When chip manufacturers like Intel, TSMC, UMC, GF, etc. make wafers, there are slight variations in material quality across the wafer surface, there are local variations in how the lithography, metal vapor deposition, photoresist chemical deposition, etc. are done and this can yield a significant contrast between how good the best chip of a given batch will perform vs how bad the worst chip of the same batch will perform.
To maximize profit, chip manufacturers test and sort chips based on various criteria such as leakage current, power draw at key frequencies, salvageable defects, etc. to decide which product range the chips fit best in. That's binning.
When you buy "K-chips", you are playing the lottery: you are guaranteed a chip that performs at least up to stock K-chip standard but you have absolutely no way to know beforehand how much farther beyond that your specific chip can go under any given circumstances beyond stock conditions. That's the chip lottery. Some i5/i7 3xxxK/4xxxK may max out at 4.2GHz while others may hit 5GHz. Some may require 60W@1.2V to get to a given clock rate while others may require 100W@1.35V.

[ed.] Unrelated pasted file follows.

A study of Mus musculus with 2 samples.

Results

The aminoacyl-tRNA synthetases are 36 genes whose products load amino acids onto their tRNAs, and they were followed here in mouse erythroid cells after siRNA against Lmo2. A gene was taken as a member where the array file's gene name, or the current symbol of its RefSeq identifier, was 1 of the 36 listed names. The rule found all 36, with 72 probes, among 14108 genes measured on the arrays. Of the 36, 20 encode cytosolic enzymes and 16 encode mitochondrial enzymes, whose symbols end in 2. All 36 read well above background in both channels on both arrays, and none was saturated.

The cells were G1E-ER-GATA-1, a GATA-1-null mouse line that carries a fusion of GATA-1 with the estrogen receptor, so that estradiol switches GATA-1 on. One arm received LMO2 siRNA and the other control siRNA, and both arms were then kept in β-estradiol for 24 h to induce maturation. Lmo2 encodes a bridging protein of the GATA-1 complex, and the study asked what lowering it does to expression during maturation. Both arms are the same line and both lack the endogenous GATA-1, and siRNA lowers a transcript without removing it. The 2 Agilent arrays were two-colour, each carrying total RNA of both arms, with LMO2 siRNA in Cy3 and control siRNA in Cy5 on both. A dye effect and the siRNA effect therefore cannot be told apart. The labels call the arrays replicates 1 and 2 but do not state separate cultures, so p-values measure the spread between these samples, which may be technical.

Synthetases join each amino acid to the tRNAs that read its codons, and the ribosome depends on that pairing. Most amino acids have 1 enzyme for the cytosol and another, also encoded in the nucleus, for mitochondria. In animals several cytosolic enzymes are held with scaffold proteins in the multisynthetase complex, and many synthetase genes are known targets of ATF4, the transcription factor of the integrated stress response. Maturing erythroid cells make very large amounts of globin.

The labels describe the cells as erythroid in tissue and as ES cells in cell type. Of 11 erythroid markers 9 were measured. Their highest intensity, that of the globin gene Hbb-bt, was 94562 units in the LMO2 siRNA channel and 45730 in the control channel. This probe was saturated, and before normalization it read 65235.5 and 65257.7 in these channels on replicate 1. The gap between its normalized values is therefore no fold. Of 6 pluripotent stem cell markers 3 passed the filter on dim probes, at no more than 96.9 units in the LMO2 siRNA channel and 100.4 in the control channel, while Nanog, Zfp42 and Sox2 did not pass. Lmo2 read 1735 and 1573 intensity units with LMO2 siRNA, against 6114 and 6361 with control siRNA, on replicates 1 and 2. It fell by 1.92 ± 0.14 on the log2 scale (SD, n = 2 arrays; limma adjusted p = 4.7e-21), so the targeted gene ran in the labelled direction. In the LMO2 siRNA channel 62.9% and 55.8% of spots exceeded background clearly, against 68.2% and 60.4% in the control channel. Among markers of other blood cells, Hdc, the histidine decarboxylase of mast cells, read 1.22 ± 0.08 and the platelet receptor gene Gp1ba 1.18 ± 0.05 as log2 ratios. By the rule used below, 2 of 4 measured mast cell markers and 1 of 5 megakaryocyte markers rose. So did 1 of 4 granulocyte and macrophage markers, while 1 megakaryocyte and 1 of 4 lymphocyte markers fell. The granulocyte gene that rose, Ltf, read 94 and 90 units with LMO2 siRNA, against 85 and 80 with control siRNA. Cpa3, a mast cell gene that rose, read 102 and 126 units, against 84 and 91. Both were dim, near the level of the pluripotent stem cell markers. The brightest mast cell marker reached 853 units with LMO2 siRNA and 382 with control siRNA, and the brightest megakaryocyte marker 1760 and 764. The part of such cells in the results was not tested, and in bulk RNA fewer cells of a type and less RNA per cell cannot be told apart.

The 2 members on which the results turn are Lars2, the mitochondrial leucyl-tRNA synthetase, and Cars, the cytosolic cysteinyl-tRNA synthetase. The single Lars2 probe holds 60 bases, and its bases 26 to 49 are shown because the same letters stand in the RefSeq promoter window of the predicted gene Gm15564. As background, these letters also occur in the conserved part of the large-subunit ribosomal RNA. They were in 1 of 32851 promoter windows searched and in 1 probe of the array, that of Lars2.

What is the silicon lottery I see it all the time in the forums but I never really had a true understanding of what it means. Additionally what does "higher binned" mean?
CPUs of a particular series or model are not exactly identical. Some overclock better than others.
The lottery means you have lucked out and gotten a good one for OC. There is no way to predict until you reach the upper bounds of overclocking.